Over the coming days you’re likely to read your fill about future conflicts, next-gen warfare, national fractures and the general implosion of civilisation. As politicians and pundits take to the stage at Davos there’ll be many views about artificial intelligence (AI) reshaping frontline battalions and defence spending, and how technology will create a host of surreptitious superpowers. On the sidelines there’ll be voices lobbying for treaties and controls over lethal robots.
And there’ll be creators and investors singing the praises of drone fighters and human-cost savings. Amid all of this chatter about automated weaponry and a new robotic arms race, it’s likely that most commentators and policy-makers will miss the cultural conflict that’s glaring them in the face.
As much as we might fret about AI-enhanced armies going rogue, it would be useful to think about the daily conflicts being caused by all the “intelligent” devices in our midst – there’s an urgent need to resolve the complete lack of digital decency. CEOs have made much about their journeys of digital transformation but I’ve yet to see a company take a leading role in setting standards for how society should behave with phones, tablets, cameras and other bits of technology that people have bought.
Is it not somewhat odd that a Panasonic shaver comes with more safety instructions than a smartphone? My apartment building has a set of house rules that encourage residents to abide by certain codes but the same can’t be said for my laptop. And what about how devices should be used in private or semi-public environments? Airline CEOs love to talk up their digitisation but who’s going to tell the lady three rows up that she needs to stop filming me and my colleagues? Is there an established code for the senior flight attendant to follow? Does he or she feel empowered to tell the man in 2A that he needs to stop using the loudspeaker on his phone for his conference call? Or has someone on the “customer experience” team deemed it out of bounds to curb how passengers use technology?
At levels ranging from federal to municipal, much time is spent on legislation for creating quieter cities (I’m not sure whether cities are meant to be hushed but we’ll save that discussion for another day), such as more soundproofed buildings and less drinking and chatter after 23.00. At the same time there’s a lot of posturing and PR surrounding data protection that might be well-intentioned but does little in the way of ensuring privacy in practice when virtually every device is also an audio and video recorder.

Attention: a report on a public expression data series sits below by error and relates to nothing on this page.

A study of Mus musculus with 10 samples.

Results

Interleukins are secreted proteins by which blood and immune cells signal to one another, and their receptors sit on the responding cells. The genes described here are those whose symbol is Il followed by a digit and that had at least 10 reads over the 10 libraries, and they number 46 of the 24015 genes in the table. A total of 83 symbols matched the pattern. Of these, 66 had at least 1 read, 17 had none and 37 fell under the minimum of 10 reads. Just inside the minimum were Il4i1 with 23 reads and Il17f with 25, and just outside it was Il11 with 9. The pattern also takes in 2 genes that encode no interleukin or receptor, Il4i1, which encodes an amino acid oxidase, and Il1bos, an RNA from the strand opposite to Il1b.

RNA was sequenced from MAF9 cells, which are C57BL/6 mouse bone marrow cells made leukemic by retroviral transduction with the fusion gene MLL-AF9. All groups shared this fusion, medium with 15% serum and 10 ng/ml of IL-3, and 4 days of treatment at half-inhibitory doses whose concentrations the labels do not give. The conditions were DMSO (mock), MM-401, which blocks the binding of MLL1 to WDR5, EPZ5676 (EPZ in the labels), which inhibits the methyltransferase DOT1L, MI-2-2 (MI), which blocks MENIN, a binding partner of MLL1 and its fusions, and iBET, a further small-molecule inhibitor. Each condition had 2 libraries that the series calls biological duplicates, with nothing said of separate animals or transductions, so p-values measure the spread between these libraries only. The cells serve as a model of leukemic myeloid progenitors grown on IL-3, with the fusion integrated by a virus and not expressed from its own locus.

Countries with a strong sense of social capital (Japan, Switzerland and corners of Germany) have it best, as deep-rooted social codes help govern how people behave in public settings. The screaming child is taken out of the restaurant rather than engaged in a negotiation, the phone is placed in a pocket and not on the table, meetings start with a firm handshake and women are greeted first, food is not scooped into one’s mouth while walking down the street. You get the idea. If you step out of line with your mobile device in Switzerland there’s a good chance that a fellow commuter, shopkeeper or manager will tell you how to behave or ask you to watch your Youtube clips at home. The result is that most tram or train journeys don’t have the added din of tinny speakers amid all the other daily noise, and travelling from A to B can be a civilised experience for citizens who respect codes of the public realm. Try asking a fellow passenger to turn down their headphones on public transport in London or Toronto and at best you’ll be told to piss off; at worst you’ll find yourself in the back of an ambulance bloodied and humiliated.
At a recent dinner in Zürich, friends from the legal and medical worlds agreed that the next hotbed of litigation is going to be around digital devices and their unchecked impact on society and mental health. “A smart company would either take the lead and slap a warning on their boxes or, better yet, take an active role in curbing behaviours,” said a medical doctor. “Just as the tobacco industry has had to pay out, technology companies will soon have to account for their harmful, addictive impact on daily life.”